BlackBerry to 'hang up' on the Classic phone
BLACKBERRY said on Tuesday it will stop making its Classic model, raising further doubts about the future of the smartphone pioneer's money-losing handset business as it shifts its focus to software.
BlackBerry's stock fell more than 4 per cent after an executive confirmed the move in a blog post.
It launched the Classic less than two years ago, hoping it would appeal to people yearning for a physical keyboard in a world of touchscreens.
"Clearly, the Classic was not sufficiently retro-cool to attract new users," said John Jackson, a technology analyst at International Data.
"This marks the end of an era that actually ended several years ago for all but a very small number of devotees."
The Classic, similar in design to its Bold predecessor, is powered by the overhauled BlackBerry 10 operating system, which failed to regain market share that was lost to Apple's iPhone and others.
BlackBerry has since launched a phone powered by the dominant Android software and plans several more.
BlackBerry chief executive John Chen last month expressed confidence the company's trimmed-down handset business can turn a profit by a self-imposed September deadline.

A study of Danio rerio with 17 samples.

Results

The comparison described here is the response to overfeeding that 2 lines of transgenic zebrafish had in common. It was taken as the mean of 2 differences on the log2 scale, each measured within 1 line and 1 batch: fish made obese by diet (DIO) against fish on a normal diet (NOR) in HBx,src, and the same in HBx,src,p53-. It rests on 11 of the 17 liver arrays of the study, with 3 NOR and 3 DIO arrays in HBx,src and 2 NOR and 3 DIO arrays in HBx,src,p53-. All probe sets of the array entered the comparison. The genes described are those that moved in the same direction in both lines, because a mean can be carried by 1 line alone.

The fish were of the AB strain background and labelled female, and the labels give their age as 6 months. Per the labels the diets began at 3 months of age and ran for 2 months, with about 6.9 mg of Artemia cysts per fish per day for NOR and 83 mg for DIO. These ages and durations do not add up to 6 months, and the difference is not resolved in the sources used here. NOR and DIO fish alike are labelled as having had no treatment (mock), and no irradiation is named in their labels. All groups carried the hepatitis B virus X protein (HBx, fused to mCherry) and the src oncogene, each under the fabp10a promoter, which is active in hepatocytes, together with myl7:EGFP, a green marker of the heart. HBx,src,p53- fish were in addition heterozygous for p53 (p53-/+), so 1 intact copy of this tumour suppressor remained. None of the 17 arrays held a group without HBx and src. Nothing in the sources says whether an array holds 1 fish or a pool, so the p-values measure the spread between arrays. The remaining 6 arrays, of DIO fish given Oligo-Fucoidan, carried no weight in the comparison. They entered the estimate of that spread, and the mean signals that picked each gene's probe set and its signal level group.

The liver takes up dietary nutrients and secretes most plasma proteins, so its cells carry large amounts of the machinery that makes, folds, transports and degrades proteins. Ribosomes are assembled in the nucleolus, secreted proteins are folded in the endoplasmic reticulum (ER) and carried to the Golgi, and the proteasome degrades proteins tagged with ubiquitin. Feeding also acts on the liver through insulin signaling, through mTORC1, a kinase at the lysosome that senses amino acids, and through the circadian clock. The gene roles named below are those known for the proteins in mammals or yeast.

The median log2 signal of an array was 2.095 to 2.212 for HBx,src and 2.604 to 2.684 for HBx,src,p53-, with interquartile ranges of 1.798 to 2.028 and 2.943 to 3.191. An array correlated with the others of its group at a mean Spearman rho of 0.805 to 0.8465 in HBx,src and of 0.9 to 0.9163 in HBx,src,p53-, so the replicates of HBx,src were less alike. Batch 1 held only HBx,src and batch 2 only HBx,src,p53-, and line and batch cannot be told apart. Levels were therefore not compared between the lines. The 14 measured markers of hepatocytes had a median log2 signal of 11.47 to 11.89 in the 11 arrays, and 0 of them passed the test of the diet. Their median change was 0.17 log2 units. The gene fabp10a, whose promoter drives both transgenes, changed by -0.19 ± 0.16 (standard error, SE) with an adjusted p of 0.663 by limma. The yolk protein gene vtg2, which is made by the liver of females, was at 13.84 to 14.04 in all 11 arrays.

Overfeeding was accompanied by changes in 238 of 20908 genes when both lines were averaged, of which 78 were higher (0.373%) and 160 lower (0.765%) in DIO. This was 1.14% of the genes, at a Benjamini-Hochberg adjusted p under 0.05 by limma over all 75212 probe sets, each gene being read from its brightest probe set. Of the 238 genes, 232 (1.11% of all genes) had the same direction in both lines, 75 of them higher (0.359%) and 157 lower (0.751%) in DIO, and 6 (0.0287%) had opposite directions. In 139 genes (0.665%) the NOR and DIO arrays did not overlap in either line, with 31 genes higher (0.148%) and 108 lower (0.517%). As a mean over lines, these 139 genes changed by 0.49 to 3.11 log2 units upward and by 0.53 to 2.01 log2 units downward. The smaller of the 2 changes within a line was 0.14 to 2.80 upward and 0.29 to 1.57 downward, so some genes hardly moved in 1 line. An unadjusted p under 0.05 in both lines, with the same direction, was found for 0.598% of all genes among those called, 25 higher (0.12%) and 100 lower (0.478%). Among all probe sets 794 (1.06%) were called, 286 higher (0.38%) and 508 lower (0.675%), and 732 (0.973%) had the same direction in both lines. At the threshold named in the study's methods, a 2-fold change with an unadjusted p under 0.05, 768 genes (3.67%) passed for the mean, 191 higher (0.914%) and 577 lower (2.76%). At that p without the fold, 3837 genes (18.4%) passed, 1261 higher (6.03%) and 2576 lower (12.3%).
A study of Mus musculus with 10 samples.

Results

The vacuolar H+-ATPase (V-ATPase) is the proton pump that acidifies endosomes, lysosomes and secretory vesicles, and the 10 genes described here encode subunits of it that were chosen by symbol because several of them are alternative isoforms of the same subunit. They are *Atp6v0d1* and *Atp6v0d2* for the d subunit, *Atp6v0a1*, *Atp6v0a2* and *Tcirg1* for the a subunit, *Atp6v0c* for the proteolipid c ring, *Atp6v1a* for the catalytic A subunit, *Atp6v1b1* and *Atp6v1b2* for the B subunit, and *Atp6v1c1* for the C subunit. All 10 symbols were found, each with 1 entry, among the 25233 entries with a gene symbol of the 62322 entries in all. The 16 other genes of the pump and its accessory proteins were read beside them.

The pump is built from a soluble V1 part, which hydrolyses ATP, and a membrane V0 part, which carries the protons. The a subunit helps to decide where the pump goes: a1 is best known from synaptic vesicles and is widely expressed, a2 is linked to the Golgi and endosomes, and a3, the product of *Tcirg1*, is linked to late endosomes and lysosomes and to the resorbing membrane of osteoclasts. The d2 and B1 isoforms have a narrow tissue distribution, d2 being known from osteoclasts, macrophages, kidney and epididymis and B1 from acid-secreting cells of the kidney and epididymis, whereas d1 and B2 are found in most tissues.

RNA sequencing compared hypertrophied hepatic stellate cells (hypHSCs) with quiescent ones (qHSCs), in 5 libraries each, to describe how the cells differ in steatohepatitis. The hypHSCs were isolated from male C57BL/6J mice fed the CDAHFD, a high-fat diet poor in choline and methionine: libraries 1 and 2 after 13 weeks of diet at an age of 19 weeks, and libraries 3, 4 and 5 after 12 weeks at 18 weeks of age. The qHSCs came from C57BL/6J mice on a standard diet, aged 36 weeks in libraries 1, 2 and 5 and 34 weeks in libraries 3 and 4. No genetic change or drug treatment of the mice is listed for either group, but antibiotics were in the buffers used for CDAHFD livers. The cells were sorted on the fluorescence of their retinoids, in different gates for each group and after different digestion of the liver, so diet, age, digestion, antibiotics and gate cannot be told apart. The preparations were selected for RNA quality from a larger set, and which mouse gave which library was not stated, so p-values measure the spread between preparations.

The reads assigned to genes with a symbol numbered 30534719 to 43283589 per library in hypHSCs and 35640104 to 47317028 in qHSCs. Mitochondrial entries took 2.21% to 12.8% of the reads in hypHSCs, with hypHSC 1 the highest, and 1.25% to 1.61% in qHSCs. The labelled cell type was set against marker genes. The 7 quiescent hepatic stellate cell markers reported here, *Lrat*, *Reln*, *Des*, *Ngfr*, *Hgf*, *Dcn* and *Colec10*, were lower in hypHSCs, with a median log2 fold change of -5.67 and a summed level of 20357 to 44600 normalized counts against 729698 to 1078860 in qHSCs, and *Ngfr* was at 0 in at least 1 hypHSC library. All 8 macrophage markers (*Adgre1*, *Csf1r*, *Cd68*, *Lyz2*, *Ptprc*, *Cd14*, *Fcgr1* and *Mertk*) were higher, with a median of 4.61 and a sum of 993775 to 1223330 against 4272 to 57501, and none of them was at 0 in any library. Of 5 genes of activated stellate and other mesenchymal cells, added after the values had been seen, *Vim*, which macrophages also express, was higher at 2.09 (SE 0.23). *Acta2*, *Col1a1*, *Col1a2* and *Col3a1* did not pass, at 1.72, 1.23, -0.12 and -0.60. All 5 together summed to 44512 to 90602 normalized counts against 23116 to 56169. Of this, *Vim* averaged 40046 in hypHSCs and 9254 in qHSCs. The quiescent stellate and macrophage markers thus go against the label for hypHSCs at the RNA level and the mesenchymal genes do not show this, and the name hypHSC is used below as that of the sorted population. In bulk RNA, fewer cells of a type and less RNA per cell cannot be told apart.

The decision to end production of the Classic adds pressure on BlackBerry to exit handsets, said Morningstar analyst Brian Colello. Without a hit mid-range, BlackBerry likely will not be able to keep its handset business going or sell it to another company, he said.
Separately, an internal US Senate memo sent by IT staff and seen by Reuters on Tuesday said BlackBerry had told major US carriers Verizon and AT&T that all BlackBerry devices running BlackBerry 10 had been discontinued.
The memo said the Senate's mobile communications services department had just over 600 BlackBerry devices in stock at the end of June, including 320 Classics.